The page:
June 22, 2004

Gustavo Ortega died an invisible man, overlooked by the Los Angeles County jail system well before it released him, then lost him in the lobby of the downtown jail.

The insulin-dependent diabetic, in custody a month, underwent amputation of part of his right foot just before he was freed. As staff writer Sue Fox reported in Sunday's Times, he could hardly walk and made it only as far as a lobby bench, where he stayed for three days, without meals or medicine. Finally noticed and taken to a hospital, Ortega died of coronary artery disease, with diabetes, chronic renal failure and hypertension listed as contributing causes.

The Sheriff's Department, which runs the jail, regrets the tragedy. Of course. But the department argues that jailers followed procedure in giving Ortega a pair of crutches and releasing him at 2 a.m. The lobby is a 24-hour bus station of a building that admits and releases as many as 800 people a day. And a released inmate, even one still inside the crowded, noisy lobby, is not -- technically -- the county's responsibility anymore.

In fact, this is one long story of jailers who followed procedures instead of doing their jobs.

The jail system rendered Ortega invisible well before the day it freed him to languish in its lobby. A required screening when he was admitted -- on suspicion of drinking and other misdemeanors -- failed to turn up mental health problems despite what his family says is a history of disorientation and memory lapses so severe he couldn't hold a job or remember his own phone number.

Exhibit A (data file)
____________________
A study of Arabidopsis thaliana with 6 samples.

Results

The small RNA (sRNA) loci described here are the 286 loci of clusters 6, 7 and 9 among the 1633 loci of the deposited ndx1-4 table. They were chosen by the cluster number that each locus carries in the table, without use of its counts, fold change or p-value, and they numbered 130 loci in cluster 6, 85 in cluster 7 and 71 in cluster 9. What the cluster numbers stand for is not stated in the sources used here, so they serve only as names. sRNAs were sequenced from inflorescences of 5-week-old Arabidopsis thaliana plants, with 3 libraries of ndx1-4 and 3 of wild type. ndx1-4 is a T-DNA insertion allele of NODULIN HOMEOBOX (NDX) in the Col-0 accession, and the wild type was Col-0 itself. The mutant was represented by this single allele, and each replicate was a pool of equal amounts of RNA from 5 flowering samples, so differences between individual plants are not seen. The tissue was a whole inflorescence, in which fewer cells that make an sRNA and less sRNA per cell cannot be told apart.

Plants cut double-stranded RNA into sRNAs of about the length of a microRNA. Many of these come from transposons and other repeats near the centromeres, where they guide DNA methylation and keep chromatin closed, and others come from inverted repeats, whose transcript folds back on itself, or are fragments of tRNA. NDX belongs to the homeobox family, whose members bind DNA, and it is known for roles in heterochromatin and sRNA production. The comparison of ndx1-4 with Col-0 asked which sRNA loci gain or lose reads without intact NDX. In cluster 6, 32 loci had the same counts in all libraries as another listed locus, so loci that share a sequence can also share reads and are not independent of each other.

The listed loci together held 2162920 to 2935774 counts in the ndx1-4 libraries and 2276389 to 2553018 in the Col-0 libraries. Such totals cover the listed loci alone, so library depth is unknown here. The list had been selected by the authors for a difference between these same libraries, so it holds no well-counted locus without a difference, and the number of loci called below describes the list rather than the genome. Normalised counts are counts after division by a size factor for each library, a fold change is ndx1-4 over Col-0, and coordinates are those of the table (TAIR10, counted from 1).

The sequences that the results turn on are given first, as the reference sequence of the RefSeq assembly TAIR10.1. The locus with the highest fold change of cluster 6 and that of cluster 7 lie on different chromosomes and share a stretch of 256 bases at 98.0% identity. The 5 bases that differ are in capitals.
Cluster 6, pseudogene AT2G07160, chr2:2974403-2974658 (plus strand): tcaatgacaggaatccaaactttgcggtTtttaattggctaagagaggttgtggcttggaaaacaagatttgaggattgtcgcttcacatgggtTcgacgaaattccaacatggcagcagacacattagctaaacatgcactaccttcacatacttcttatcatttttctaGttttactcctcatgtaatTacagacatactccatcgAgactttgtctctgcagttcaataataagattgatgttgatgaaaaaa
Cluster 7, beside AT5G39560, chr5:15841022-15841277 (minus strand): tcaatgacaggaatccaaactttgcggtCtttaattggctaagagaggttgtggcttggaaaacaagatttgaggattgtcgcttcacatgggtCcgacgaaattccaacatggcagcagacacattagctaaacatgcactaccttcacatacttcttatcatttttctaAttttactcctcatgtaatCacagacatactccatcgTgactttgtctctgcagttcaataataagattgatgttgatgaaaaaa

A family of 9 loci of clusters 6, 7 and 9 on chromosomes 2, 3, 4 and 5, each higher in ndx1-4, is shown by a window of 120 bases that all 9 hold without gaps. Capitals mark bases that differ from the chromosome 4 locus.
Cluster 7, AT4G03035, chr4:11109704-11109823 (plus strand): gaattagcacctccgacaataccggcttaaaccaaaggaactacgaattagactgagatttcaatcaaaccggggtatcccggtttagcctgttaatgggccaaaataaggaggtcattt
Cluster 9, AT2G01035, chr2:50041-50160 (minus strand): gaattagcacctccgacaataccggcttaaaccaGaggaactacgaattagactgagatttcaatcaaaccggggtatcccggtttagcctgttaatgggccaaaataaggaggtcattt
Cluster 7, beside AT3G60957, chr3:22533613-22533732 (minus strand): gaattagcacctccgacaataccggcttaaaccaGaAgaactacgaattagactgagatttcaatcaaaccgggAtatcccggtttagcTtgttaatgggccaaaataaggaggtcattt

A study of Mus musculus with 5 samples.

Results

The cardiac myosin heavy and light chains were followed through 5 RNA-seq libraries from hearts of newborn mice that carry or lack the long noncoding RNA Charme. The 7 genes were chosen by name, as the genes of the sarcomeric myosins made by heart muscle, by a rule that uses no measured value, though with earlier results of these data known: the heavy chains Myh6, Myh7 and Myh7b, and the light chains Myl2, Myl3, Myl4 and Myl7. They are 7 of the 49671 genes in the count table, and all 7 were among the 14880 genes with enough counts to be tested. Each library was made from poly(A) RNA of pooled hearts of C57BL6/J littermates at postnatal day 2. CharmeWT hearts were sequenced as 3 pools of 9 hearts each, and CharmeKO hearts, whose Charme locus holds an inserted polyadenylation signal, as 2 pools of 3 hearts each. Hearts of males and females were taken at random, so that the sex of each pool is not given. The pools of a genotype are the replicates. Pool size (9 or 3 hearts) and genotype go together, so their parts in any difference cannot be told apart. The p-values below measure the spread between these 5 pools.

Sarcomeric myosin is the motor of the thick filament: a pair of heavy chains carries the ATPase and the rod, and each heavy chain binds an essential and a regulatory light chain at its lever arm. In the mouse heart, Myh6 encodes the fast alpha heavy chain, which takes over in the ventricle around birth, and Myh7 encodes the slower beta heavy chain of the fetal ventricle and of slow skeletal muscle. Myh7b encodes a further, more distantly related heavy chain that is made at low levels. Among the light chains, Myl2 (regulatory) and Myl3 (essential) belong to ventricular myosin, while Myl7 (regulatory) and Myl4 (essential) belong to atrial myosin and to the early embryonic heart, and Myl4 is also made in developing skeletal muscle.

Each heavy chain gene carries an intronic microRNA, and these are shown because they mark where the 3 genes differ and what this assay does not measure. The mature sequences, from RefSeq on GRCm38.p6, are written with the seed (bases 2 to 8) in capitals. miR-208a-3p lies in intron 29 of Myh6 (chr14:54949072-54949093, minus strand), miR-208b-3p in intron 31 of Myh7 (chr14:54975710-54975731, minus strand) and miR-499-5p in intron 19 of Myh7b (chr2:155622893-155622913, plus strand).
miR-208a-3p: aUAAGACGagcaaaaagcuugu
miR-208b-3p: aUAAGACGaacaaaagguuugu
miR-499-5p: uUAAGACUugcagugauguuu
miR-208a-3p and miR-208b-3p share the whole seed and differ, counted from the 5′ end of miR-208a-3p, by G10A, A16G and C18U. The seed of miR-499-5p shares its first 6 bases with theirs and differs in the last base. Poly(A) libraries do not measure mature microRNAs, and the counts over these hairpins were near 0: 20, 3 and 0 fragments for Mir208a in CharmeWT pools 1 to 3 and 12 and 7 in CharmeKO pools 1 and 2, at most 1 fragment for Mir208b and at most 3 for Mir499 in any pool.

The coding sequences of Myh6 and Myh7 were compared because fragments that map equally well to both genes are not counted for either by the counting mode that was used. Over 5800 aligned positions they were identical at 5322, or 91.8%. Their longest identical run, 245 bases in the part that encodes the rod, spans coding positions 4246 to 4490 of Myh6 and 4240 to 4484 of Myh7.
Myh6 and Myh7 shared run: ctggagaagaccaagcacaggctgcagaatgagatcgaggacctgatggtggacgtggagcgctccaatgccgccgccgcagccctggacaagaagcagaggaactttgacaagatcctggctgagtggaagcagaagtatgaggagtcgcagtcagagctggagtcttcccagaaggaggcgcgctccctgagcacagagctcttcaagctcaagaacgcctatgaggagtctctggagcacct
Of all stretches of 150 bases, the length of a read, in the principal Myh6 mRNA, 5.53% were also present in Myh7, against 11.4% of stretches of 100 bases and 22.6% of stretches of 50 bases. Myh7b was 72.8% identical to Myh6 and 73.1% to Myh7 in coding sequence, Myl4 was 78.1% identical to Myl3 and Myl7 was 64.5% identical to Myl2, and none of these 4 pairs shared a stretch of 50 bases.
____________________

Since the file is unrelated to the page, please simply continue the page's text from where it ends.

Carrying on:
In the following weeks, his diabetes caused Ortega's feet to swell. He was sent to the jail ward of County-USC Medical Center, where his foot was partially amputated. His minor offenses ultimately earned him one day in jail, which he had long since served by the time he was sentenced. Meanwhile, Sheriff Lee Baca has been ordering early releases for hundreds of inmates arrested for more serious crimes, pleading severe budget cuts.

Ortega's death is not the jails' only horror story, even if it is perhaps the most pathetic one. Five inmates have been killed in county jails since October, including a witness allegedly slain by an inmate he testified against.

Los Angeles Dist. Atty. Steve Cooley has created a task force to investigate the deaths and propose reforms. Michael Gennaco, who heads a civilian watchdog agency overseeing Sheriff's Department operations, has assigned an attorney to set up office inside the jail, monitor security and investigate the deaths. Gustavo Ortega's should be among them.

Like so many services run by the cash-strapped county, the jail system is overcrowded and underfunded. That undoubtedly contributes to the jail's problems. It does not excuse them.